First Ever Meta-Analysis Supports the Effectiveness of Mindfulness-Based Interventions for Chronic Concussion Symptoms
For those not familiar with the term, a “meta-analysis” is a quantitative, formal, epidemiological study design used to systematically assess the results of previous research to derive conclusions about that body of research. Dr. Rebecca Acabchuk and her team at UConn’s Institute for Collaboration on Health, Intervention and Policy (InCHIP) have just published the first ever systematic review and meta-analysis on the “Therapeutic Effects of Meditation, Yoga and Mindfulness-Based Interventions for Chronic Symptoms of Mild Traumatic Brain Injury,” in Applied Psychology: Health and Well-Being, the journal of the International Association of Applied Psychology.
This topic was first introduced in this blog in 2014 and touched on more recently in our review of a Dartmouth study documenting the effectiveness of the “Love your Brain” Yoga program started by Vermont’s snowboarding celebrity Kevin Peace (who was recently featured as the key-note speaker at the annual Vermont Brain Association conference.) In our 2014 blog post, we featured a study in the Journal of Head Trauma Rehabilitation that supported the effectiveness of mindfulness-based practices on improving symptoms, including depression, following traumatic brain injury. One explanation offered in that study was that these practices help improve acceptance and awareness “thereby minimizing the catastrophic assessment of symptoms” associated with traumatic brain injury (TBI) and chronic disability. The Dartmouth study offered further support for this analysis.
The Acabchuk meta-analysis systematically assessed data from 20 studies. The results revealed significant improvements compared to controls in all measured symptoms, with the greatest improvements seen in fatigue, depression and quality of life. The literature review offered an anatomical explanation for the effectiveness of mindfulness based interventions – the brain regions typically affected by mild traumatic brain injury (e.g. frontal, parietal, white matter tracks) overlap markedly with the brain regions that are bolstered by mindfulness-based stress reduction and mindfulness-based cognitive therapy. Difficulties with emotion regulation in mild traumatic brain injury have been linked to impaired function in the default mode and executive networks also impacted in mindfulness-based interventions.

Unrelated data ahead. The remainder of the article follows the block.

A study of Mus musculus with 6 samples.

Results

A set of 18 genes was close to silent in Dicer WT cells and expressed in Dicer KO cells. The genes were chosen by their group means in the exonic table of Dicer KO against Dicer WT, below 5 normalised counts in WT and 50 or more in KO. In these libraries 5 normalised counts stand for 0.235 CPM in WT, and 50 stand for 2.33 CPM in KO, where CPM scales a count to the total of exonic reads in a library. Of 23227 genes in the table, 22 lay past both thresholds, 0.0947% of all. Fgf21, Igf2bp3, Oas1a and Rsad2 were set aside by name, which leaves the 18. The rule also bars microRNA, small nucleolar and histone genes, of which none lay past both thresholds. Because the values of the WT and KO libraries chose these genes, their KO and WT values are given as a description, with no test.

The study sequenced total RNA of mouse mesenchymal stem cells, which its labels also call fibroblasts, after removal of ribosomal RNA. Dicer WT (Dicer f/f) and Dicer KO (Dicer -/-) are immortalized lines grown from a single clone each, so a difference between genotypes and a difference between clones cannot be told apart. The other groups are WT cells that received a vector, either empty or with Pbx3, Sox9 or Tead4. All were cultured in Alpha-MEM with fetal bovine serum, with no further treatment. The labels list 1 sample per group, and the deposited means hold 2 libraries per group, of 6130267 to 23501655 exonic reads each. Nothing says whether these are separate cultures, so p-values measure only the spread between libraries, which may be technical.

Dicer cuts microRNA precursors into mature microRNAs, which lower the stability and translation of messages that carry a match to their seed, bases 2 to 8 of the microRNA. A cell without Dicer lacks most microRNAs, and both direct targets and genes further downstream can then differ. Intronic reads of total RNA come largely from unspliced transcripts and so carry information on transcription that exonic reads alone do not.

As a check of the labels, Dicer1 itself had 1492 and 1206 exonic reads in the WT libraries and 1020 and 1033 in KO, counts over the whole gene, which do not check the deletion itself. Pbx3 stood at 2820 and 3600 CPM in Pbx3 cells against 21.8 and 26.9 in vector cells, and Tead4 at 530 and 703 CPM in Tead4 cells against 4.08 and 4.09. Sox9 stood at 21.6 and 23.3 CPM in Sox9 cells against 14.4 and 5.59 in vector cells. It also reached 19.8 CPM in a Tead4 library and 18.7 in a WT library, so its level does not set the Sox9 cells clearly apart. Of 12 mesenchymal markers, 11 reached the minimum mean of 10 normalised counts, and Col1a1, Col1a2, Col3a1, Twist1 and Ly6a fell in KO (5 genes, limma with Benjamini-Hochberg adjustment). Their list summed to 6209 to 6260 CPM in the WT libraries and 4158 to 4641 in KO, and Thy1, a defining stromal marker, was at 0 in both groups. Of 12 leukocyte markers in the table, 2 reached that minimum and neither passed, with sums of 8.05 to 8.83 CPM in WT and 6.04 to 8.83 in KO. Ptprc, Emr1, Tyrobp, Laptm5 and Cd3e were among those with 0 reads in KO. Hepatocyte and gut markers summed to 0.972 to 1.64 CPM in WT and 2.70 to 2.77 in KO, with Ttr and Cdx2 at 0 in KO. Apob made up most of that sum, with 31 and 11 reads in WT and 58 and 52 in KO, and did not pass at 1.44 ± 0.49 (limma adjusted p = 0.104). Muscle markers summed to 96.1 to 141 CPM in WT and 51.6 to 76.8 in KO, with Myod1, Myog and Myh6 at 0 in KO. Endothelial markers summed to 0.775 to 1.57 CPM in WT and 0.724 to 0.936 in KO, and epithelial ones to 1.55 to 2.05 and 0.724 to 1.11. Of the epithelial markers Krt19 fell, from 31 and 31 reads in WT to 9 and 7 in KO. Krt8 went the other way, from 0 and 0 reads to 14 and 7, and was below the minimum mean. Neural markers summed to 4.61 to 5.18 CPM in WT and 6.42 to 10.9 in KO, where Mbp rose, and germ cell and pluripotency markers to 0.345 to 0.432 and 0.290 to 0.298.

The results in the meta-analysis were surprisingly consistent, given the number of studies, the small sample sizes, the array of mindfulness-based treatments and the control group sizes. These consistent findings lead the authors to recommend further trials with particular emphasis on repeated concussion, on youth and adolescents and on long-term follow up. The authors also encourage studies focusing on the impact of these interventions on sleep, particularly in light of growing research that concussion can cause impairments in normal wake/sleep cycles, which can increase the risk of comorbid disease.
For full disclosure purposes, the author of this blog has for several years taught yoga and promoted mindfulness based interventions to support recovery from TBI as well as other injuries and illnesses. The growing research replaces intuition with science in validating the effectiveness of this work.